9.01.2007

Eating our way through New York

In some ways this trip has seemed like one of those dreams where you keep eating and eating, and more and more incredible food keeps appearing. Does anybody else have those dreams?

Our first night here we ate at a Korean restaurant with Christy and her family, her Japanese family from the years she lived in Japan, and Joel. Biffle took this picture of the group mostly, I think, to document the fact that Christy's rural Tennessee Church of Christ parents, unlike his own, are willing to eat at a Korean restaurant. Although Horace seemed wary at every bite, he kept eating. Biffle's dad, on the other hand, has been known to exclaim fiercely, "I hate rice!"


This meal was followed by gelato uptown at Grom's, where they ship all the ingredients from Italy every day. Environmentally this is not so great, but the gelato was out of this world.

Yesterday we ate lunch at Katz's Deli in the Lower East Side, one of the oldest and most famous New York delis, and advertised home of the best pastrami sandwich anywhere. I have to say, it was the most delicious pastrami I've ever eaten--and unlike any of the meats I've had before that have masqueraded as pastrami. Big, thick-ish slices of hot meat, ringed in a thin layer of char from where it has been roasted. "It was almost like a pickled barbecue," Biffle said.

Last night we ate at the Bread Bar, an Indian fusion restaurant that was so intensely delicious that I wanted to savor every bite. Funky green ceviche with roasted peanuts, a chat salad with ingredients I can't even remember, steak with a cinnamony garam masala sauce, even curried onion rings. And for desert, the best Dove bar you ever had.

Today promises to be more of the same.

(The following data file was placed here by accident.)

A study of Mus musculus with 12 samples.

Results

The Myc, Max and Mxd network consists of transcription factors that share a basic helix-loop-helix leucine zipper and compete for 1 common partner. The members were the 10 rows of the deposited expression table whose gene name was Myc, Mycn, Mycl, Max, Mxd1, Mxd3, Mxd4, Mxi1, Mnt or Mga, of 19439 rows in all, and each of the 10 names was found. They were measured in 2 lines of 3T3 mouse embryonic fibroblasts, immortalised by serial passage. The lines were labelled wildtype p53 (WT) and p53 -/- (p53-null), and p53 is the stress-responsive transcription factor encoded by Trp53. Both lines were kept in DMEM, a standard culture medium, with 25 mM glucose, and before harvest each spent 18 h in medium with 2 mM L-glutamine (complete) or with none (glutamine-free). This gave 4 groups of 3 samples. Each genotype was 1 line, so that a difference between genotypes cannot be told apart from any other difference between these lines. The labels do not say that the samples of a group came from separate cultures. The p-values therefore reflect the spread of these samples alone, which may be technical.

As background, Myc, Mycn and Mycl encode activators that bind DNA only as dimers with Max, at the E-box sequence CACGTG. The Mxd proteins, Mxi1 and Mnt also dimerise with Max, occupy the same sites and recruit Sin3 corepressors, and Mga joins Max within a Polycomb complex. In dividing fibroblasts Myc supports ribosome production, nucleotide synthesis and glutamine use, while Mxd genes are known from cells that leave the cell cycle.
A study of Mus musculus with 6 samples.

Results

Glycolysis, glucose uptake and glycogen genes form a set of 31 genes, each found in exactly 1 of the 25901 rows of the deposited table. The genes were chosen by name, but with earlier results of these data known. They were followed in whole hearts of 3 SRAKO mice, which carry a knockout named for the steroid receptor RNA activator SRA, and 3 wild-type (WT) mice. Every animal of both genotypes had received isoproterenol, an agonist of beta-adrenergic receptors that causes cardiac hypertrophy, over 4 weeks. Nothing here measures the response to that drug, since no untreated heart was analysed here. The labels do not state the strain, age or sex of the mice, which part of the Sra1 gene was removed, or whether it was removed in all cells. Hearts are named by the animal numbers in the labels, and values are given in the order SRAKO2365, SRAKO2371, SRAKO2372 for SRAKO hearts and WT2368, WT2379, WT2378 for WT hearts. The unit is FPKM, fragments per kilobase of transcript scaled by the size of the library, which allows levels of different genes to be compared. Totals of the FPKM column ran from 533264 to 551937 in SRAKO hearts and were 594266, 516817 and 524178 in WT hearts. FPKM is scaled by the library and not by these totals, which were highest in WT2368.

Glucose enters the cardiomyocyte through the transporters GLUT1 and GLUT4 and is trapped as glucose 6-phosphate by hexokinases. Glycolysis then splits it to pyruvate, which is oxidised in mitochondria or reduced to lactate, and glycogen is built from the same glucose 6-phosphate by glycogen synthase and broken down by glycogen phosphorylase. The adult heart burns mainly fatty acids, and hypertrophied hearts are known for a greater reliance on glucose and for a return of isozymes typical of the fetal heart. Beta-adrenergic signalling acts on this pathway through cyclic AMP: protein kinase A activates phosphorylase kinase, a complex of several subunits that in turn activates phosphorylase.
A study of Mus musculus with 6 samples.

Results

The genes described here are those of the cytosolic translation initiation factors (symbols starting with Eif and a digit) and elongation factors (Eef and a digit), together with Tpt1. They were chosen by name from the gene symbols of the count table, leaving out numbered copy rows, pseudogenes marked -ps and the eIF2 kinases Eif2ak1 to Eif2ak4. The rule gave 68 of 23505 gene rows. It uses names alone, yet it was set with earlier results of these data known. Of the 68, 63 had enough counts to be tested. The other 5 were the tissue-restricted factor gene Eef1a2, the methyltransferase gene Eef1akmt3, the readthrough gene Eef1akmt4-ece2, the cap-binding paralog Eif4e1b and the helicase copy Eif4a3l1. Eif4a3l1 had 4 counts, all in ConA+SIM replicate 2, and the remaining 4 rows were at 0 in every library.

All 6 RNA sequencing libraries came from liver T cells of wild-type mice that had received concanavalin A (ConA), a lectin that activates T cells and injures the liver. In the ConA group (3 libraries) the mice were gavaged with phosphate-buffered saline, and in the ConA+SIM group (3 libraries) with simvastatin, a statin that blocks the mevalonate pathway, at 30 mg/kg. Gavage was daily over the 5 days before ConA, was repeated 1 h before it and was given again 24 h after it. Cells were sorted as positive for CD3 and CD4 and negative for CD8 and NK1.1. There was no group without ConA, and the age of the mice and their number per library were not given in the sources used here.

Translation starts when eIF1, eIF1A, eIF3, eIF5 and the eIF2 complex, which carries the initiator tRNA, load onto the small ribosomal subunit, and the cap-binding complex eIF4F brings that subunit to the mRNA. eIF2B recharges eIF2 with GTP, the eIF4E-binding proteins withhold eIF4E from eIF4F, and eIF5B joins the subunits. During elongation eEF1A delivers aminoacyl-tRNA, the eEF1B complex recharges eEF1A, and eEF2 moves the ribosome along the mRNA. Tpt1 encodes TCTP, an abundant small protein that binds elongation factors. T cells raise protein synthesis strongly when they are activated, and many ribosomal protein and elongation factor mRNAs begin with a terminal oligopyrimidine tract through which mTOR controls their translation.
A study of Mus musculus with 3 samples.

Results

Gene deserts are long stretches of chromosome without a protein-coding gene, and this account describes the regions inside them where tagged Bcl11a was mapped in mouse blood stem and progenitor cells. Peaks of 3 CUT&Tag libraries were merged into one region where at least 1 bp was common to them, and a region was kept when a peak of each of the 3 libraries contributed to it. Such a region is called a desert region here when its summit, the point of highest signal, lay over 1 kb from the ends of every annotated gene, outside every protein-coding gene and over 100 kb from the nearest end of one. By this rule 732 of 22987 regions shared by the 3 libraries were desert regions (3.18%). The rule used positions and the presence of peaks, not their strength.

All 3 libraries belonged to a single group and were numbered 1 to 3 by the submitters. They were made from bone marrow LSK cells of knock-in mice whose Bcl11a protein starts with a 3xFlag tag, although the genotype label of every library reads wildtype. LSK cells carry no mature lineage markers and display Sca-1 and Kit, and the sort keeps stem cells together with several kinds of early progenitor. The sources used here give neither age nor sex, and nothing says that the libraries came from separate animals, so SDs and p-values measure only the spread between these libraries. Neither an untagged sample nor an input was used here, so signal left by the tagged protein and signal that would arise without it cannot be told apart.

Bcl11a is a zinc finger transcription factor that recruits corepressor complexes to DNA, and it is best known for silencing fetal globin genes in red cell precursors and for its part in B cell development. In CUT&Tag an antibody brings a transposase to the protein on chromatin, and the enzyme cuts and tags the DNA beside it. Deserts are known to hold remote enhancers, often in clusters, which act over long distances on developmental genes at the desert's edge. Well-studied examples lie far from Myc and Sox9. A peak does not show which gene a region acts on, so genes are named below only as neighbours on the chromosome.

4 comments:

The Mom said...

Alison, give my best to Christy & Joel. I'm so glad you're blogging about this trip. I'm enjoying it vicariously. Sure wish I could taste it vicariously! I'm glad you're having a good time.

Miss Meghann said...

ALISON.

Please read the following...

"The residents of Maycomb are also rigid in their views of gender roles. In Maycomb, the roles of men and women are clearly defined. Girls and women of moral standing are expected to be modest, wear dresses, and behave in a ladylike manner."

[[and then later on]]

"I believe that if To Kill a Mockingbird had an epilogue, Scout would have grown up to be part of the Women's and Civil Rights Movements. I expect Scout would have worked for positive social change"

EIGHTH GRADER, ALISON. EIGHTH GRADE.

Anonymous said...

Why do you so lavishly spend and spend your capital in ways that literally fatten an owner while the hands of a factory worker are burned by molten steel, a farm laborer breaks a back picking grains of rice, and a poor oil driller is burned alive making jet fuel? Alternatively, do these consequences of your actions please you? I do truly hope your actions will one day benefit the two billion people living on less than $2 per day!

Biffle said...

Thank you Karl. I'm a thoughtful person and will someday probably see it your way. For now, however, i'm tired of providing you with a blog. Get your own--after all, they're free and, as we know, ISPs would never hurt anyone. Now, go help someone else.